Further evidence that a housing market recovery is on the way has been provided by figures which show chartered surveyors are expecting property prices to rise.
The housing market survey conducted by the Royal Institution of Chartered Surveyors (RICS) found that on balance the number of the group's members expecting price increases rose for the first time in more than two years.
Six per cent more chartered surveyors expect the price of property to rise over the next three months. In May, the survey registered a negative reading of -11 per cent.
In keeping with the recent trend, surveyors reporting an increase in new enquiries also grew, with a net balance of 67 per cent reporting a rise rather than a fall – the eight consecutive monthly gain and the highest figure recorded since the survey started in April 2009.
The stabilisation of prices can be partly attributed to the low levels of stock currently on the books of chartered surveyors. In the last year, the amount of property on surveyors' books has fallen by around a third.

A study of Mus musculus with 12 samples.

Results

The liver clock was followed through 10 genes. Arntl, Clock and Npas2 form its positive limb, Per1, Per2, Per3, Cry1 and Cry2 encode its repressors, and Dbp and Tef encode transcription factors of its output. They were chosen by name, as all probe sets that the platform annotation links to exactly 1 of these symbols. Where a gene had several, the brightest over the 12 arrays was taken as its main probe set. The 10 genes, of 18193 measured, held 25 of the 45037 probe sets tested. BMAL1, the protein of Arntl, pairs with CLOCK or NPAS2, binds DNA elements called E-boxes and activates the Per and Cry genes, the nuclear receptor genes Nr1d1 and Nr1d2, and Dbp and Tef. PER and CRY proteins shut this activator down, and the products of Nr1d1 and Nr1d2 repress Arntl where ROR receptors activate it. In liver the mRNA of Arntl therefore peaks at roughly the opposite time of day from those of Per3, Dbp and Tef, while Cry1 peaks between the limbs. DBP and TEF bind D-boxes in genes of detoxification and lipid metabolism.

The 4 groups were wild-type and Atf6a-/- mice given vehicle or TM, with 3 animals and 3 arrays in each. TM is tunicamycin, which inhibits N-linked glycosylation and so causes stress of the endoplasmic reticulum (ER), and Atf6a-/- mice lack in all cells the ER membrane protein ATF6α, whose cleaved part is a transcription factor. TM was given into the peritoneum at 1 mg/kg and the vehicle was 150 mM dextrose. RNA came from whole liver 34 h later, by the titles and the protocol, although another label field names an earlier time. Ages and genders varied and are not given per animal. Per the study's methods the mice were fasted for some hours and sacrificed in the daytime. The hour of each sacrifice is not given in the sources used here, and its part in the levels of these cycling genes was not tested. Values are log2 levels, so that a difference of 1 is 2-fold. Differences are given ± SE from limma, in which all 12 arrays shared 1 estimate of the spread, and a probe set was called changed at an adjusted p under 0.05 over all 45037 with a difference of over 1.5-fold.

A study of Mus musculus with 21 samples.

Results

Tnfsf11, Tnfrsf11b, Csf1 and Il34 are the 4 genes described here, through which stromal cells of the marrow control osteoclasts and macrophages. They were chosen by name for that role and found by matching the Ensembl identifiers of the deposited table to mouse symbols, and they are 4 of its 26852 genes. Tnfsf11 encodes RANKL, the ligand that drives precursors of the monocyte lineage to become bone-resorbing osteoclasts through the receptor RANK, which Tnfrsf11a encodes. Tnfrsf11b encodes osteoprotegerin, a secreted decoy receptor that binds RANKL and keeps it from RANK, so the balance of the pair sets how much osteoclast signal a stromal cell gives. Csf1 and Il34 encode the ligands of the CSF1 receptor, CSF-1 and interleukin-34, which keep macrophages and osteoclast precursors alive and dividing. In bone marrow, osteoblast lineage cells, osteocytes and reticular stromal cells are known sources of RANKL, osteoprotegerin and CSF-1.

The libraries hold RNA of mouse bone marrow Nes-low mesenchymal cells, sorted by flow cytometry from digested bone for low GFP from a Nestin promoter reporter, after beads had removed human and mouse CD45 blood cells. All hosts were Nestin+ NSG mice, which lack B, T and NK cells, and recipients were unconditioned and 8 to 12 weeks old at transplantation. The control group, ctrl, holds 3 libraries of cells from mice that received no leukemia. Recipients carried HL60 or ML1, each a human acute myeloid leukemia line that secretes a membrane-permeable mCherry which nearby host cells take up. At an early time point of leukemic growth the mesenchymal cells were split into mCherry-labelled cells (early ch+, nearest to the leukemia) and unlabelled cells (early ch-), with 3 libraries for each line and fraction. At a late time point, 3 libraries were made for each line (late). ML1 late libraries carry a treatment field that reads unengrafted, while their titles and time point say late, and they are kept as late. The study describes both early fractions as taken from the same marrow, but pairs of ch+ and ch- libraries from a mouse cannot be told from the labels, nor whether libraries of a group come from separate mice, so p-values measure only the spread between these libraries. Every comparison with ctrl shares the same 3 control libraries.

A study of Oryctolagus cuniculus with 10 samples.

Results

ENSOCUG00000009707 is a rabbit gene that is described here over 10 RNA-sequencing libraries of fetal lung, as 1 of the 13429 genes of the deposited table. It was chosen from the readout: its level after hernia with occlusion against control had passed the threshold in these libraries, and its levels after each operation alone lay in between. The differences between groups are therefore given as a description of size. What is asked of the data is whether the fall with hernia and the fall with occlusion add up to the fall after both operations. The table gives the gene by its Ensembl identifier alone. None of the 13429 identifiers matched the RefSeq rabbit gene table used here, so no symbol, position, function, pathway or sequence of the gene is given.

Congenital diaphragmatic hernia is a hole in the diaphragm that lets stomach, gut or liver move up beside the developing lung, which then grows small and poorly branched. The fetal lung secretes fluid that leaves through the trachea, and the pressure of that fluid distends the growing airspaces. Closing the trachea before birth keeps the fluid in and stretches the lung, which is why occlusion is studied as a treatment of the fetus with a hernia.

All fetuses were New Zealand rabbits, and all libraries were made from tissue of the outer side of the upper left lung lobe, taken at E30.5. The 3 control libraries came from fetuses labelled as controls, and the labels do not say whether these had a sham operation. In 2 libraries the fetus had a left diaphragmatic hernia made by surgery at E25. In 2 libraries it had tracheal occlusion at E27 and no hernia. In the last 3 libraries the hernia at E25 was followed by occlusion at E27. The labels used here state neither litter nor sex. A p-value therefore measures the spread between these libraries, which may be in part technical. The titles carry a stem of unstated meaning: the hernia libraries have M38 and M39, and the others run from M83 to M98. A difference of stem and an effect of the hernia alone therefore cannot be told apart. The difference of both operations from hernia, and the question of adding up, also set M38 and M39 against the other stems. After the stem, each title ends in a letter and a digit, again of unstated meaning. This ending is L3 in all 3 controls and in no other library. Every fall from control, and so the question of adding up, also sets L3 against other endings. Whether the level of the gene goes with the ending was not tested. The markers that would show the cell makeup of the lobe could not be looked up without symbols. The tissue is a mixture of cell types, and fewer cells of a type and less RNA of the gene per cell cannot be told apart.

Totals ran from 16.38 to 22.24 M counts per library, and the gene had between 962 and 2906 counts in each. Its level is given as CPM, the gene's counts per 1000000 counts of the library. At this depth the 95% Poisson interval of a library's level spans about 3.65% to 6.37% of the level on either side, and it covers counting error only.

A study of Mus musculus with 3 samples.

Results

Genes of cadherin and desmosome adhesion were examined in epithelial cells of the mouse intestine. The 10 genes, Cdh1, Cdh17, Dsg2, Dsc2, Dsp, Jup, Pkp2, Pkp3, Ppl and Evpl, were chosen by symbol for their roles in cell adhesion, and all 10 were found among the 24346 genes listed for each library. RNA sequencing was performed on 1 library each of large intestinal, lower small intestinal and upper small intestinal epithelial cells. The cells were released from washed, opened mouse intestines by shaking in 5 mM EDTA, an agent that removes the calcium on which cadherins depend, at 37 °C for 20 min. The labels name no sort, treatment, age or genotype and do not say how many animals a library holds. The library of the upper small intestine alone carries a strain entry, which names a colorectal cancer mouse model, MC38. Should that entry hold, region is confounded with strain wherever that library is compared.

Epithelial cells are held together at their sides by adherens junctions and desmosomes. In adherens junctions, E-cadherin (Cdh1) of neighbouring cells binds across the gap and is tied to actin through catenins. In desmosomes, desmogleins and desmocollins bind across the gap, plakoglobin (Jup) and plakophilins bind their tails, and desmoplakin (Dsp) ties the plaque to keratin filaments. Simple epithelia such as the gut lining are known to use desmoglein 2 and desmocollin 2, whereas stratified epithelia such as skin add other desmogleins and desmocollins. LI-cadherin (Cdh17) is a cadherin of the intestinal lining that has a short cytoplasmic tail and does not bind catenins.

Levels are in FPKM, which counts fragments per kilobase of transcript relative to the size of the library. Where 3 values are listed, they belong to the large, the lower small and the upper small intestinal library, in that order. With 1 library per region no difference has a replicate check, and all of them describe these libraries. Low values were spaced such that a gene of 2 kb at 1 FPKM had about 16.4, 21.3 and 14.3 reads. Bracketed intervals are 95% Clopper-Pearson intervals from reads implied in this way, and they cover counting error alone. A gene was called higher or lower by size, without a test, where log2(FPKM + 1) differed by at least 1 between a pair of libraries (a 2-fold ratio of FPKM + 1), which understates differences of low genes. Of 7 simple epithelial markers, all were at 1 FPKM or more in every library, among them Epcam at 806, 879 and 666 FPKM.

The mildly encouraging enthusiasm figures – from both consumers and surveyors – are beginning to make an impact on sales, albeit on a small scale. Over the last three months, the average number of properties sold had increased from 11.7 to 12.7.
However, RICS spokesperson, Jeremy Leaf, has warned more must be done to help kickstart a full market turnaround.
"Although the market is showing signs of improvement, it is unlikely that there will be a sustained recovery while mortgage lenders remain risk adverse," he said.